In recent discussions about Puerto Rico’s status, the “commonwealth” party has been talking about the need for Puerto Rico’s government to sit down with the U.S. Congress and work out a new arrangement that both sides will like. The Federal government hasn’t responded with any invitations.
In fact, the U.S. government has said over and over that this isn’t how it’s going to work. And yet “commonwealth” party political leaders in Puerto Rico continue to suggest that this can happen, and that the special deal that would be worked out would be better than statehood.
The reasons are complicated, but much of it goes back to the 1950s. The United Nations made a list of “non-self governing territories” at that time — colonies, essentially — and included Puerto Rico. The United States didn’t want Puerto Rico on that list, so there was an official request to remove Puerto Rico from the list.
The 2007 Report of the President’s Task Force on Puerto Rico explains:
Both before and since the issuance of the 2005 Task Force Report, some have questioned whether Puerto Rico’s status as a United States territory is consistent with statements that the United States made to the United Nations in 1953 following the adoption of Puerto Rico’s constitution, in requesting that Puerto Rico be removed from the list of non-self-governing territories. In its official request to the United Nations, the United States stated that Congress had given Puerto Rico the freedom to conduct its own internal government subject only to compliance with federal law and the U.S. Constitution. The official request did not state that Congress could make no changes in Puerto Rico’s status without its consent. It is true that, prior to the submission of this official request, the U.S. representative to the U.N. General Assembly indicated orally that common consent would be needed to make changes in the relationship between Puerto Rico and the United States. Notwithstanding this statement, however, the Department of Justice concluded in 1959 that Puerto Rico remained a territory, and as noted above, the Supreme court, while recognizing that Puerto Rico exercises substantial political autonomy under the current commonwealth system, has held that Puerto Rico remains fully subject to congressional authority under the Territory Clause […]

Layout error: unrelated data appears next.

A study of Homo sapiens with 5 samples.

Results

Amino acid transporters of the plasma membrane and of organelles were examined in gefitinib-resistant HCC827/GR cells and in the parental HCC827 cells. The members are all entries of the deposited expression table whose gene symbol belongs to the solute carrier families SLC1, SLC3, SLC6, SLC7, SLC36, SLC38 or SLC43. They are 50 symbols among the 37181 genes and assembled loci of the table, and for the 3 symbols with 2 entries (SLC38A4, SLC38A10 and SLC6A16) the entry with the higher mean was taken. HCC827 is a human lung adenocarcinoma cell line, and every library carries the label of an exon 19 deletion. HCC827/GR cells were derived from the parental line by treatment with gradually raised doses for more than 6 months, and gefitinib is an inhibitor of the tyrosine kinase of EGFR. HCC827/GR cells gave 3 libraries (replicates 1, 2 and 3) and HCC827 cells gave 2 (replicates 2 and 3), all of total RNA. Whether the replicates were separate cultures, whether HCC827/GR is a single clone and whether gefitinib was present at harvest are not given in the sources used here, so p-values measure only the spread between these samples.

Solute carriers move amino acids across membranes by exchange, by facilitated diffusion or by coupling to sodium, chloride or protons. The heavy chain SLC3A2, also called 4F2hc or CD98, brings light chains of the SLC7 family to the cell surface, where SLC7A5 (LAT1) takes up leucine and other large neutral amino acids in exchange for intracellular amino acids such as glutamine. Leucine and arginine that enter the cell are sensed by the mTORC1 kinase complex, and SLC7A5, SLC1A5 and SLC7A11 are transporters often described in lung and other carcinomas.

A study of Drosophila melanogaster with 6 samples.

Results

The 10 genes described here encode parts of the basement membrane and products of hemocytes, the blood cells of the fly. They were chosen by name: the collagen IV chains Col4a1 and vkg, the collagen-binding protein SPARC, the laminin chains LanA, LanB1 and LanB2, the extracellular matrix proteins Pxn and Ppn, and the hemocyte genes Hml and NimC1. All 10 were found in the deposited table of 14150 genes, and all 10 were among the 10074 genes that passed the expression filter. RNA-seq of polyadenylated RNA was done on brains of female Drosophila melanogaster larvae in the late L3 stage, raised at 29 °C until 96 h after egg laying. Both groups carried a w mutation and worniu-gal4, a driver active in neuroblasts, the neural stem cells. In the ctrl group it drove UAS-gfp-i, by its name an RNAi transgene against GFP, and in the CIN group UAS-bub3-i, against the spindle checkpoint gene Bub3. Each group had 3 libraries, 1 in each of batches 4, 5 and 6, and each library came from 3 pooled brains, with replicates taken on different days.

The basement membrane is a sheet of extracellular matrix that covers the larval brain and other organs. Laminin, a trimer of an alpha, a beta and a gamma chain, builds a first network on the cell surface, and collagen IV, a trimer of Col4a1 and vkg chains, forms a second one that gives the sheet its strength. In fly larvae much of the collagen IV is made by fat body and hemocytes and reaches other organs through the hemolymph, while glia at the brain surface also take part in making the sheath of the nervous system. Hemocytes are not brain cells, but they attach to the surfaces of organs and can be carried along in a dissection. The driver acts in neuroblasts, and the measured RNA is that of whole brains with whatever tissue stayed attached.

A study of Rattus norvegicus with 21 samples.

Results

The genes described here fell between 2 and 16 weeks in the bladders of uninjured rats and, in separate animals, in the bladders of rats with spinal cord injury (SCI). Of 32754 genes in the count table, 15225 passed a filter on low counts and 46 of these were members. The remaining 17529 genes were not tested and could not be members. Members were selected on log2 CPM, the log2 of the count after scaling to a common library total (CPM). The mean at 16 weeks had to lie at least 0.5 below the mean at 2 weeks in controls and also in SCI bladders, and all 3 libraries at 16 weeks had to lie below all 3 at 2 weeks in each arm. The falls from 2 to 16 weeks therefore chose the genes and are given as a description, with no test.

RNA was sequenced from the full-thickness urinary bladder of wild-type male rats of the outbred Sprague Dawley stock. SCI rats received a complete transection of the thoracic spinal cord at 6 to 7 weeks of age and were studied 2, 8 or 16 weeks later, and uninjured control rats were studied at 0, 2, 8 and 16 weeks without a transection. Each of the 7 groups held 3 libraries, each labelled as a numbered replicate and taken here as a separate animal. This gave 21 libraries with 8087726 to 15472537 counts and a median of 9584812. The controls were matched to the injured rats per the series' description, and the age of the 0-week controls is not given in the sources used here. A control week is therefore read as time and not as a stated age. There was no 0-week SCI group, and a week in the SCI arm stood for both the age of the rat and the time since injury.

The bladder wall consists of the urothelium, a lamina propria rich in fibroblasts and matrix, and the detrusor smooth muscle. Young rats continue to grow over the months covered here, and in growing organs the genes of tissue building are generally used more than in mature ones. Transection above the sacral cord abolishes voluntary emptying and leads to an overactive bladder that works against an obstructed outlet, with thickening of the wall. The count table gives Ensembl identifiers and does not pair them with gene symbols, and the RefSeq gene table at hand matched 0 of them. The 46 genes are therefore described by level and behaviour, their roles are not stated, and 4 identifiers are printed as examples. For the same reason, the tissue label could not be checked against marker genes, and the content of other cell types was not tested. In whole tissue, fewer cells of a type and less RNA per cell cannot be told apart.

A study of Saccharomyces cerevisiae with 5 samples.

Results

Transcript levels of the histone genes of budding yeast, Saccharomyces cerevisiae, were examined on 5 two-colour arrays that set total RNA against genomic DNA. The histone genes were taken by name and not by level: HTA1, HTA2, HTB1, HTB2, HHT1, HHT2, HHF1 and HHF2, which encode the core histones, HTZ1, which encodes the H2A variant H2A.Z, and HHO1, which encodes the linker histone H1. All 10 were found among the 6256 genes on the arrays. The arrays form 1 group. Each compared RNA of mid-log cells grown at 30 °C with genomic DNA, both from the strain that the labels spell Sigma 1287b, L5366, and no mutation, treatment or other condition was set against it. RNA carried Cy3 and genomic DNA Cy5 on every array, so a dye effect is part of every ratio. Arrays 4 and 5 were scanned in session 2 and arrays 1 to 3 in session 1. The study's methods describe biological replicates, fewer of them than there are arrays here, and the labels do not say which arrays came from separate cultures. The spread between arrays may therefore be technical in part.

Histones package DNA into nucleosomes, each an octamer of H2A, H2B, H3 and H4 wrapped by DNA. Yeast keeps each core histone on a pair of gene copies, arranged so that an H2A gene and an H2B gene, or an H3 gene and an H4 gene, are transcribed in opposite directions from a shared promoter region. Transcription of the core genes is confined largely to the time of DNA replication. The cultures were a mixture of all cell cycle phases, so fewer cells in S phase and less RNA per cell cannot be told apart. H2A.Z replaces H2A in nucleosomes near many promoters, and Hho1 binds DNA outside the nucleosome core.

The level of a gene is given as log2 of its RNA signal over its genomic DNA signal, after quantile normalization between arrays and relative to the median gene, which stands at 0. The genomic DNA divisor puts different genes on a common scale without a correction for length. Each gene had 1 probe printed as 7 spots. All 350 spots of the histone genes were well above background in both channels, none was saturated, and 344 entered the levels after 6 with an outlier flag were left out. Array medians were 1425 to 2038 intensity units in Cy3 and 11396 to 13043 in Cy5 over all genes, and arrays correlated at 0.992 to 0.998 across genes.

The 2005 Task Force Report also explained why existing constitutional principles foreclose the so-called “New Commonwealth” status […] The U.S. constitution would not permit the “New Commonwealth” proposal because land under United States sovereignty must either be a State or a territory. As the Supreme Court stated over a hundred years ago, if land is “not included in any State,” it “must necessarily be governed by or under the authority of Congress.” […] Thus, although Congress is free to allow a territory to exercise powers of self-government (as Congress has done with respect to Puerto Rico), it may not restrict the authority of a future Congress over that territory.
As some of the “commonwealth” party leaders have pointed out, the U.S. representative to the U.N. General Assembly implied that the U.S. could possibly sit down with Puerto Rico and agree on changes in the relationship between Puerto Rico and the United States. That’s not the important part of the story, though. The important part is “the Department of Justice concluded in 1959 that Puerto Rico remained a territory, and as noted above, the Supreme Court […] has held that Puerto Rico remains fully subject to congressional authority under the Territory Clause.”
That is, the U.S. doesn’t have to make any deals with Puerto Rico, and they don’t plan to. In order to participate in the democratic process in the U.S., Puerto Rico has to be a state. Sign the petition.